Brazil’s National Archives have disclosed documents which prove that the United States were aware of torture and forced disappearances of political prisoners in Brazil during the military dictatorship, which ran from 1964 to 1985.
The set of digital documents was sent by the US government at the request of the National Truth Commission (CNV), endorsed by the Brazilian government, based on the US Freedom of Information Act.
The files, released for reference, include information on the disappearance of Stuart Angel Jones, son of the late fashion designer Zuzu Angel and former congressman Rubens Paiva, whose bodies were never found, and the murder of communist leader Carlos Marighela in São Paulo, among others.
An excerpt from a telegram sent in May 1973 by the US Consulate in São Paulo to the US Department of State in Washington contains reports of incarceration and torture in Brazil.
“Interrogation of political prisoners is often accompanied by torture, i. e. the pau de arara (parrot’s perch), electric shocks, starvation, etc.,” the document read.
Jaime Antunes, managing director of the National Archives, explained that three shipments with information on DVD media were sent to Brazil. The first of them, with 43 files, was received in June 2014, personally handed over by US Vice-President Joe Biden. They had already been made available for reference on the CNV website.
According to Antunes, CNV has not been able to examine the second shipment consisting of 113 documents, received in December, and the third, with 538 documents, delivered on June 30.
He says the material was selected and formatted by the US government. “The passages that they still regard as confidential have been blacked out,” he said.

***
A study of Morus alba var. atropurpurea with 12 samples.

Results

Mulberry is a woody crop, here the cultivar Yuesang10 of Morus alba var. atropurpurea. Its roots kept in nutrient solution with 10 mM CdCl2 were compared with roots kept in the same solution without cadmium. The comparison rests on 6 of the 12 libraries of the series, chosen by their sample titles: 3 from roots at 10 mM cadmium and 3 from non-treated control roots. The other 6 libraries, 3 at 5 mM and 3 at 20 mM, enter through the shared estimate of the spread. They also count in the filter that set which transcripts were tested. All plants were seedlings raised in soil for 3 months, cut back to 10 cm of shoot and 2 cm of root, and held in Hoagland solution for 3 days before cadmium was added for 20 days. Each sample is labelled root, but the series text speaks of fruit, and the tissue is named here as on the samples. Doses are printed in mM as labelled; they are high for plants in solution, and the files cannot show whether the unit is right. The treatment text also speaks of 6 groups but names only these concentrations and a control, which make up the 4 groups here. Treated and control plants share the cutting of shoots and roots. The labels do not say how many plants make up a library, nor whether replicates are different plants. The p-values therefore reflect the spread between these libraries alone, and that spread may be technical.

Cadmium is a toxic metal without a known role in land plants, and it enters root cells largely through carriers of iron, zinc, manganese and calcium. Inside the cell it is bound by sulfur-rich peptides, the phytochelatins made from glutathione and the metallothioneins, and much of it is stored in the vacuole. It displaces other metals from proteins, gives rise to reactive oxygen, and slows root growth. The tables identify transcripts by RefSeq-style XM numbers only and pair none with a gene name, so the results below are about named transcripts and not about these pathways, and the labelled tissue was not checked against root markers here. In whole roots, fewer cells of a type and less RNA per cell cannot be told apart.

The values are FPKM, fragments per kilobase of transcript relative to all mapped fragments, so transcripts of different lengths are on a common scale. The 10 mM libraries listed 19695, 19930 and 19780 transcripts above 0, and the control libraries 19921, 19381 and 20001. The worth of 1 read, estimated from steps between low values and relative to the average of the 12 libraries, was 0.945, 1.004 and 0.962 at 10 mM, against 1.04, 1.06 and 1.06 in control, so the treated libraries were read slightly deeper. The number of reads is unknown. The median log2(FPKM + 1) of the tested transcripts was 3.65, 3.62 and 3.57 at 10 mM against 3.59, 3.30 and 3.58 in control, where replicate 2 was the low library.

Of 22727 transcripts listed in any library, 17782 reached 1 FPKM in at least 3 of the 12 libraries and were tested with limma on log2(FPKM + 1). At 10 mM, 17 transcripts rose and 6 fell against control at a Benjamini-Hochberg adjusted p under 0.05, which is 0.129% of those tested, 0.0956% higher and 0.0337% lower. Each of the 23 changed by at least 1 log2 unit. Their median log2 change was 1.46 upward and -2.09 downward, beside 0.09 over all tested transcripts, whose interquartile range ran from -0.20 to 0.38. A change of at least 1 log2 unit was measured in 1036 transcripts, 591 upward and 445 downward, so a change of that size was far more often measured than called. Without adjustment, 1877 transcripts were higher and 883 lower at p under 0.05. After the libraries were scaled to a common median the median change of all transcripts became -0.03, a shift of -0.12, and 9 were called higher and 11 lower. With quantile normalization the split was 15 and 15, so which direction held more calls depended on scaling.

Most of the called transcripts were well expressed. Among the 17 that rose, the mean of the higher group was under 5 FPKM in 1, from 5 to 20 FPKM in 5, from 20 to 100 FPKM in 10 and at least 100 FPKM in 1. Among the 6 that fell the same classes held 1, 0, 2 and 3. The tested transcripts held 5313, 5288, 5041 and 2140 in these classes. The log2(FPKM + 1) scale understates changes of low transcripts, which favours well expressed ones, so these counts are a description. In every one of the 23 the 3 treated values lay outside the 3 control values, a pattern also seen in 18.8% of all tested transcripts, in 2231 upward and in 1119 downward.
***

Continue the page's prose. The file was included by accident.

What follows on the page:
The material was released as it was provided by the Americans: in English language and split into three batches. The National Archive will now systematize the information, translate the titles and descriptions for easier reference.
“Having these documents is a major achievement, because we all know that the US have a very strong presence in Latin America and closely supported these movements in countries that experienced dictatorship periods,” he said.
For Antunes, “any sources of information that shed light on tortuous periods will help establish the facts so that everything becomes known and never happens again. For the research community and human rights agencies, this is exemplary.
If any other countries have information about this period of military dictatorship in Brazil, I hope they are so kind as to share it with the Brazilian people.”
Last year, the National Truth Commission informed that it wanted the Brazilian Army, Air Force and Navy commands to explain their reasons for denying that military facilities were used for torture and murder during Brazil’s dictatorship.
The Commission accused the military of being omissive in recognizing state liability for human rights violations committed in the period.
In a request for clarification sent on August 2014 to the Brazilian Ministry of Defense, the CNV asked the Armed Forces to confirm or deny information that state agents tortured anti-dictatorship activists on military premises, often with higher officers knowing it.
In a statement, the commission said that the findings in the Armed Forces report received earlier that year failed to take into account the testimony and records obtained by the CNV as evidence that the military premises were misused.
According to the commission, there were no mentions of torture in the military reports, although even the Brazilian State has already admitted the violations.
Through its press office, the Defense Ministry said it has not received the request so it declined to comment. CNV coordinator Pedro Dallari again criticized “the unwillingness of military commanders to cooperate with the commission.”